When Northern Michigan Bought Things With Traverse Dollars
By Ross Boissoneau | May 24, 2020
During the Great Depression, some banks were closing temporarily and others failing completely. There was little money in the hands of the people, and given the uncertainty about their prospects of getting more of it, people tended to hoard what little they had. The short supply of U.S. dollars in the 1930s meant there was a need to come up with another way for trade to keep the economy going -- leading to the idea of local currencies, known across the country as Depression scrip.
In effect, it was a local bartering system, easier than exchanging goods or services, and used across a broad base of stores and services. And here this region, residents traded Traverse Dollars.
Local historian Richard Fidler notes the use of scrip was encouraged by no less than President Franklin Roosevelt. “The purpose was to get people spending again, not just hide money under the mattress,” he says.
Fidler explains they were issued in 1934 and could be redeemed at many Traverse City businesses in exchange for goods. At one point, local teachers were even paid in scrip, since there was no other money available for them.
So what were the stamps all over the backs of Traverse Dollars for?
According to DepressionScrip.com, the fact that there was little money in the hands of the people and there was great uncertainty about the prospects of getting more of it, people tended to hoard whatever money they did have. So to ensure wide distribution and use, the dollars had to be used on a weekly basis or they would lose value.
So the stamps were a way to make sure the Traverse Dollars were circulated. According to Cathy Schmitt, who first brought them to The Ticker’s attention, the money would decay by two cents a day unless you put a two-cent stamp on it and signed and dated it. So the incentive was to spend as fast as you could, she says.
Merchants bought the stamps from the city treasurer, then attached them to the Traverse Dollars when consumers used them. “Every merchant supplied a stamp and after twenty stamps, the scrip could be turned in for a real dollar,” Fidler notes. The system seemed to work fairly well, though apparently there were some problems with the stamps falling off.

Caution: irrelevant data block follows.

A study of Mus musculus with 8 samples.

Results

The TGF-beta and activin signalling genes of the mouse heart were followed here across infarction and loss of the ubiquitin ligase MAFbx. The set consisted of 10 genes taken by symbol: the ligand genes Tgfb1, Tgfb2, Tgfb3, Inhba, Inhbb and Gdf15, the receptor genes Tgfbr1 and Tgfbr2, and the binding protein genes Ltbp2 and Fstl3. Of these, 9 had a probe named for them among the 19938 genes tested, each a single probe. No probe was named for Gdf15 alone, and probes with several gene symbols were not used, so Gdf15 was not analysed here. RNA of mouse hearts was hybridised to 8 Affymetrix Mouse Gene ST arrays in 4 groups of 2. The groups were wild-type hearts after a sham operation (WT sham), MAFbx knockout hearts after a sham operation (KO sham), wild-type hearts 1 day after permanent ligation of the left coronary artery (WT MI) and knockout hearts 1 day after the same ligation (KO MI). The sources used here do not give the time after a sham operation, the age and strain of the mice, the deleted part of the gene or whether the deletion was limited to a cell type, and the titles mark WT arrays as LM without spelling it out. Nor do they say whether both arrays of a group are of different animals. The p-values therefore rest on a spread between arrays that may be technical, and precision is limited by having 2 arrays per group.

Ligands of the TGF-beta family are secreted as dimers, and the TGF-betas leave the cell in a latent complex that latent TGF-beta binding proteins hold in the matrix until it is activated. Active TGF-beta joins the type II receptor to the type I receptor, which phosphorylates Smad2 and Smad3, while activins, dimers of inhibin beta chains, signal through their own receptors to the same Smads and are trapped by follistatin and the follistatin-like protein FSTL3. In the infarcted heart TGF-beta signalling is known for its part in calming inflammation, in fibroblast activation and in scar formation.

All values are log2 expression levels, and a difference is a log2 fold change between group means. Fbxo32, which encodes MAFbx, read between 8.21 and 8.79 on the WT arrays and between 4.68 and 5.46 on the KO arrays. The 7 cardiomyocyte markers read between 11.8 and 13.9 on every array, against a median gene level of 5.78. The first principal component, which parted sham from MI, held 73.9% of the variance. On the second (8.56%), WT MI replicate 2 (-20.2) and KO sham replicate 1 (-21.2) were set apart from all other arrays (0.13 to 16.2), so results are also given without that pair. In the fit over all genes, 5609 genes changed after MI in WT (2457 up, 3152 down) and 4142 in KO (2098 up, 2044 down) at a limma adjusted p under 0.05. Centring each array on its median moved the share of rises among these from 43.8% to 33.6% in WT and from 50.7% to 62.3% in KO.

There are sound arguments for creating and using a local currency. By its very nature, local money tends to stay close to home. Traverse Dollars could not be used elsewhere, meaning local stores and merchants would be the ones to benefiting.
So profits cannot be sent outside the local community elsewhere through franchises or national chains. According to the Center for New Economics, “Regional currencies represent a democratization … supporting local businesses and educating consumers about how their money circulates in the local economy. These currencies serve as tools to keep local money local.”
Which brings us to the descendant of Traverse Dollars: In 2003, a group of community activists decided to revisit the idea. When Bay Bucks debuted in 2005, a number of businesses and individuals signed on to be part of the program. For many, it was an opportunity take back control. Brad Kik, an early member of the Bay Bucks Board and co-founder of Crosshatch Center for Art & Ecology in Bellaire, previously told The Ticker that U.S. currency was tied to conflict and war, as well as wealth inequality. Many of the early adapters were entrepreneurs who felt much the same way.
Over the years the concept slowly lost momentum, leading to just a very few businesses still utilizing Bay Bucks. The foremost is Oryana, which both accepts them and pays local vendors and suppliers in part with them and uses them for stipends for board members.
While Traverse Dollars may be a relic of the past, there is a possibility there could be new life ahead for Bay Bucks in a digital format. The Bay Bucks Board hosted a public forum a year ago to discuss how such a concept could work. Organizers suggested that it could be particularly relevant for that portion of consumers which eschews paper currency in favor of credit cards, Apple Pay or other cash alternatives.
Kik says the meeting centered around the use of Common Good, a platform for digital currency. But as those interested in the idea are all working on a number of other projects, it has not yet been pursued further. He is hopeful that the idea is not dead, but merely stalled.